Q: Is it appropriate for my mom to demand that I -- a 30-something independent woman -- allow her to "vet" the men in my life? She insists it's her prerogative and responsibility as a parent. I have a potential suitor who's visiting from out of town, and my mother says she needs four hours alone with him so that she can "check him over" and "tell him about me."
Jim: Unfortunately, it sounds like your mom has serious control issues. Wise motherly advice is a good thing when it's offered in the right way. But your mom needs to understand that advice isn't advice until it's requested. Whatever your mother may think, at this stage of your life it's not her place to tell you what to do.
If you think she'd be open to hearing your concerns, I'd suggest you talk to her about your feelings. You might say something like, "Mom, I appreciate your concern for me, but I need to make these types of decisions for myself." Then let her know that she simply doesn't have the right to subject your prospective boyfriends to some kind of interrogation. If she listens and agrees, you've gained your point. If not, you may need to keep your distance. Boundaries are good for all kinds of relationships -- especially relationships with controlling and manipulative personalities.
This isn't to say you shouldn't seek wise counsel from others who know you well. In fact, I'd strongly encourage you to enlist the help of a licensed marriage counselor if your relationship has or may soon be moving in the direction of marriage. Pre-engagement counseling offers the best option for determining if your relationship is marriage material before the ring is purchased and the invitations mailed out. Call us at 855-771-4357 for a referral and other resources.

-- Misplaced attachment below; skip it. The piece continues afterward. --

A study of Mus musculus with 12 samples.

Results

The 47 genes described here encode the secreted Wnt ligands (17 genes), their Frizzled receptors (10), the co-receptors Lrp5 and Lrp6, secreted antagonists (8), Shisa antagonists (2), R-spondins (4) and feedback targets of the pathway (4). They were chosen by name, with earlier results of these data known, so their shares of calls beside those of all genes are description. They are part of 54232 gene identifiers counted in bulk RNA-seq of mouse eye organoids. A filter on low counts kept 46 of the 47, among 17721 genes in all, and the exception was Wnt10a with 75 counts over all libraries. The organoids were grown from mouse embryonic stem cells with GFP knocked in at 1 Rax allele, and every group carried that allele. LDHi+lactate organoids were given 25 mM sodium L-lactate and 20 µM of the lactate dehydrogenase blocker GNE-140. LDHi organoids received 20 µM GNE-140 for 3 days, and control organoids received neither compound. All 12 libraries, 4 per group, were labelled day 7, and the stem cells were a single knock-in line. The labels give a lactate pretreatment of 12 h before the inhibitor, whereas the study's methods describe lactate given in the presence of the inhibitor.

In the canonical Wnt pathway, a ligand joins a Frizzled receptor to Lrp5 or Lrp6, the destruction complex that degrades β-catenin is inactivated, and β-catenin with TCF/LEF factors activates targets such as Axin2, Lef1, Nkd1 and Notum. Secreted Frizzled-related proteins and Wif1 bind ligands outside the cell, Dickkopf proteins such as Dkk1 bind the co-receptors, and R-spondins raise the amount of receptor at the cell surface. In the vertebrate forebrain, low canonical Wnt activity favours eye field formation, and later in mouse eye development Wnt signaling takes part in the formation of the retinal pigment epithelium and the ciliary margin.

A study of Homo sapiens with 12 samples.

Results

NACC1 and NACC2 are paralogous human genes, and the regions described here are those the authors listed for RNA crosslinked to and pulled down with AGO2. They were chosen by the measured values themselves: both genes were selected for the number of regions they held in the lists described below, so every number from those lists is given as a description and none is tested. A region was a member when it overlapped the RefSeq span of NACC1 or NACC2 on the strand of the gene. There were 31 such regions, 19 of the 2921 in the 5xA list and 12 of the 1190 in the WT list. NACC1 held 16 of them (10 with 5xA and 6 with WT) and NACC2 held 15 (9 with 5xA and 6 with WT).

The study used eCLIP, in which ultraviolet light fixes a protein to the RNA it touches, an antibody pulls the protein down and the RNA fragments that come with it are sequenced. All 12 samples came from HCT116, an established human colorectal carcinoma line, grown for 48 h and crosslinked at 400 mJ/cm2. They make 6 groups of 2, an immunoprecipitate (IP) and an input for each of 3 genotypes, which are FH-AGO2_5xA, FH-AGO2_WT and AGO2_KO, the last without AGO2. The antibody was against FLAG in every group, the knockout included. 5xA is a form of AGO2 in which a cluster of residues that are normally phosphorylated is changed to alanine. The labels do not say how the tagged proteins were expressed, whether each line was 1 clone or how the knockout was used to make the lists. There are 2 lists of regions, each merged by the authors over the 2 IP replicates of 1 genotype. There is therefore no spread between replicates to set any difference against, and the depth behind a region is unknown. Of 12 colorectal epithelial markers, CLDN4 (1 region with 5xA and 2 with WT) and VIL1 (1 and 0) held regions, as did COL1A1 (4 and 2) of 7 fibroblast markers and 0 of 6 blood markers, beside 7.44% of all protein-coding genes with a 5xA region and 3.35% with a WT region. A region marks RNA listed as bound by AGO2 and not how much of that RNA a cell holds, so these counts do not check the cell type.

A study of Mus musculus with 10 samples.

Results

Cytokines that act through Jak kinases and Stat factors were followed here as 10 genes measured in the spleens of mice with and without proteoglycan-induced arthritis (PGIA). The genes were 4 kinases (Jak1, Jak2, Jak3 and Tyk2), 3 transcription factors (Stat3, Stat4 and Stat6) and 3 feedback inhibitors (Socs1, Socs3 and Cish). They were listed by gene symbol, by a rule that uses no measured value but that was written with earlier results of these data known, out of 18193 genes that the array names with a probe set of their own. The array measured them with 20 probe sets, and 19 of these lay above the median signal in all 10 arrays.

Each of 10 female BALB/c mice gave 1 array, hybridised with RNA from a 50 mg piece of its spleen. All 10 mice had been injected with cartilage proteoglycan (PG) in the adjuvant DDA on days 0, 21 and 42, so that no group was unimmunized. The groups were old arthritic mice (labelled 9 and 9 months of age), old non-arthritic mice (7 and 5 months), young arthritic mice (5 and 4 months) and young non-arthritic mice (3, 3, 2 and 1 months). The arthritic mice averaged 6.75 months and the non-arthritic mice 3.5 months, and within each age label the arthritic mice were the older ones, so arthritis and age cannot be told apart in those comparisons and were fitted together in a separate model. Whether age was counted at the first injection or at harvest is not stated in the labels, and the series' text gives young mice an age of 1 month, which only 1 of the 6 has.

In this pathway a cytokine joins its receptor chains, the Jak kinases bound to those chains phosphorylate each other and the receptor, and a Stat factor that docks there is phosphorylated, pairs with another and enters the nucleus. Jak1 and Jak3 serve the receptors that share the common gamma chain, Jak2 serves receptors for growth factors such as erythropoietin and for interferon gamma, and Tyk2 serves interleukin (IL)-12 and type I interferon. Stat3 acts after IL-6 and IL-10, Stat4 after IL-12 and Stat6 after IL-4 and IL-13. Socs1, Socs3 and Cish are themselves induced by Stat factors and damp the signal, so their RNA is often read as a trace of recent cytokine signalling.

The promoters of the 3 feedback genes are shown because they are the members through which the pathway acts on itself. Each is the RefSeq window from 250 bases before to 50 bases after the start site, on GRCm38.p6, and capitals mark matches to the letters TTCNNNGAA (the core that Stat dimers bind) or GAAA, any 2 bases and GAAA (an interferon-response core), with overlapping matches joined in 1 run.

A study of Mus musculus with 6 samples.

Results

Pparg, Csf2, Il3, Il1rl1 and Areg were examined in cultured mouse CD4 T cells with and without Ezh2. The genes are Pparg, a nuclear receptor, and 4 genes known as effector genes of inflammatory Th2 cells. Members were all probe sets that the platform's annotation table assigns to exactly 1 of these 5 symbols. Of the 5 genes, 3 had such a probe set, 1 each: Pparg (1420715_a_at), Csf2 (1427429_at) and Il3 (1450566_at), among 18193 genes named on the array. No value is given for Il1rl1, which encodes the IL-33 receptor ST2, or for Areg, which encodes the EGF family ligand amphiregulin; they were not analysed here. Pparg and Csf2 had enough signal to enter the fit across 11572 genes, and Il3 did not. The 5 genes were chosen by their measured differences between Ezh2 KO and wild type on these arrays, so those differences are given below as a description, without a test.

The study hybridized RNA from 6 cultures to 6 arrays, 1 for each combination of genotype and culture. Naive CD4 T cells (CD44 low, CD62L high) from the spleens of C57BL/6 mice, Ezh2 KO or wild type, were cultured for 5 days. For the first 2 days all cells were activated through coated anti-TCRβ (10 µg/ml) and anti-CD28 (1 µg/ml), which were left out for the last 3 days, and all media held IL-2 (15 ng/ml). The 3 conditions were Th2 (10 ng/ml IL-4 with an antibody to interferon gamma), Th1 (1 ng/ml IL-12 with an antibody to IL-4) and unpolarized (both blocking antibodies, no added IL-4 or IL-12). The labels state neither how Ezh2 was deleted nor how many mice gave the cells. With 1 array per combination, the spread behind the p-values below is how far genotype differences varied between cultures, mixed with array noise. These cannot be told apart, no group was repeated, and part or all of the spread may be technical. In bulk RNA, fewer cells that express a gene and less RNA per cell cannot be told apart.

Q: How can we know whether or not our child is ready to start school? Can you suggest any basic guidelines?
Danny Huerta, Executive Director, Parenting: School readiness is a term that generally refers to the emotional, behavioral and cognitive skills a child needs in order to learn, work and function successfully in school. It's a complex issue. Every child is unique and every situation needs to be evaluated in light of its own special circumstances.
Since you know your child better than anyone else, you are the best person to determine whether and when he's ready to take on the challenge of formal schooling. Here's a basic checklist of questions you can ask as you try to make that assessment:
-- Is your child enthusiastic about starting school? Is he eager to learn?
-- Does he demonstrate a desire to be independent? Can he dress himself, tie his own shoes, use the bathroom on his own and work independently with supervision?
-- Does he have the basic language skills he'll need to succeed in school? Does he speak in full sentences? Can he understand and follow simple instructions? Is he able to identify sound units in words and recognize rhyme?
-- What about basic academic knowledge? Does he know his numbers and his ABCs? Can he identify primary colors and basic shapes? Can he write his own name and recite his own personal information? If not, could he be taught to do so?
-- Has he mastered simple motor skills, such as throwing a ball, skipping or climbing, or working with puzzles, scissors and paints?
-- Is he capable of controlling his behavior and demonstrating acceptable social skills? Can he play and work with others, follow rules and sit still for up to 30 minutes at a time?
If you have additional concerns or if our counselors can be of further help, please call us at 855-771-4357.
Jim Daly is a husband and father, an author, and president of Focus on the Family and host of the Focus on the Family radio program. Catch up with him at www.jimdalyblog.com or at www.facebook.com/DalyFocus.